After a difficult year for the colt starting class — which teaches students techniques for training a young horse — the Department of Animal and Range Sciences is preparing to hire a new instructor for next fall. Last week, it was announced that Reata Brannaman, MSU freshman and daughter of famed horse trainer Buck Brannaman, is an applicant for the position.
Last fall an instructor was hired to teach the course, but chose to resign from the position by the end of the semester. Two trainers from Copper Spring Ranch came to teach the class on a volunteer basis for the remainder of the year.
Brannaman said she has been in a teaching situation her whole life, explaining that she started helping her dad train colts when she was seven years old and has helped with her dad’s clinics since she was ten.
“I have experience dealing with outside horses” and have been “fortunate to have had many opportunities come my way,” she said. “I know how a colt should progress,” she added, and wants to teach the class so “students are in a place they are proud of by the end of the year.”
Equine science sophomore Joanna Rodgers-Liston plans to take the class next fall. Having never started — or trained — a horse before, Rodgers-Liston is excited to learn the techniques and maintain a relationship with a horse. “There is something special about … the bond with an animal,” she said.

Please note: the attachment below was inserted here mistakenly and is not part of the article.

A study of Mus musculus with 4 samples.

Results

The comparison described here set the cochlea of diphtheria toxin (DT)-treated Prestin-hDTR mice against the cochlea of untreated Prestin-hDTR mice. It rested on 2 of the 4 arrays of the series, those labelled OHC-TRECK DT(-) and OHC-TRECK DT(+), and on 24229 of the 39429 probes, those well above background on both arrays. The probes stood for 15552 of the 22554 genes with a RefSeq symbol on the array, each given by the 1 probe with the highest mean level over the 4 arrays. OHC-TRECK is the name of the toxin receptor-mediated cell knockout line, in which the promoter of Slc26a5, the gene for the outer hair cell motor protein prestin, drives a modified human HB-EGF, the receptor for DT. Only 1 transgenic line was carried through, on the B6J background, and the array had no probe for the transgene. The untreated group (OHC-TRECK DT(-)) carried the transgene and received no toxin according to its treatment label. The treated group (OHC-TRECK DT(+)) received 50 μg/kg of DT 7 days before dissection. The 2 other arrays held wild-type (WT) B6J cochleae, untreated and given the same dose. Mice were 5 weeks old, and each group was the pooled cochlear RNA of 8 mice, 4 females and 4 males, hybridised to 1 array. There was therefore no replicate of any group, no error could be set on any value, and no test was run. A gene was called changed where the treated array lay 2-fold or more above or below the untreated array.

Rodgers-Liston is “open” to the idea of learning from someone her own age, but has heard that others do not share her opinion.
Brannaman said, in response to concern about her young age, that the equine community has been “up in arms.” However, she contends that “you can learn from anyone, no matter how old,” and is “not concerned with what people think” about her age.
“I’m more concerned about her own schedule,” said Rodgers-Liston, saying that Brannaman may be too busy with her studies to have “time for us and really be able to help.”
The job would not detract from her studies and pursuit of a degree in business marketing, Brannaman said. Sometimes people’s extracurricular activities get in the way, but this won’t bother her because “this is mine,” she said.
Glenn Duff, head of the Department of Animal and Range Sciences, said he has not heard any feedback after naming Brannaman as an applicant, but also said “a qualified person is a qualified person” and the department will hire whomever it deems most qualified.
Animal and Range Sciences faculty will come up with a set of requirements which determine what makes a person qualified to teach this course. After acquiring a pool of applicants, the department will make the final decision over the summer, according to Duff.
As the hiring authority for the position, Duff was unable to disclose the number of applicants due to policy rules. However, he did say that there are other applicants besides Brannaman, noting the search only started about two weeks ago.
Originally scheduled for last Thursday, April 11, tryouts for the students wishing to be in the class were postponed at the last minute and will be rescheduled for next fall. Duff explained that waiting until the fall will give transfer and current students the opportunity to try out.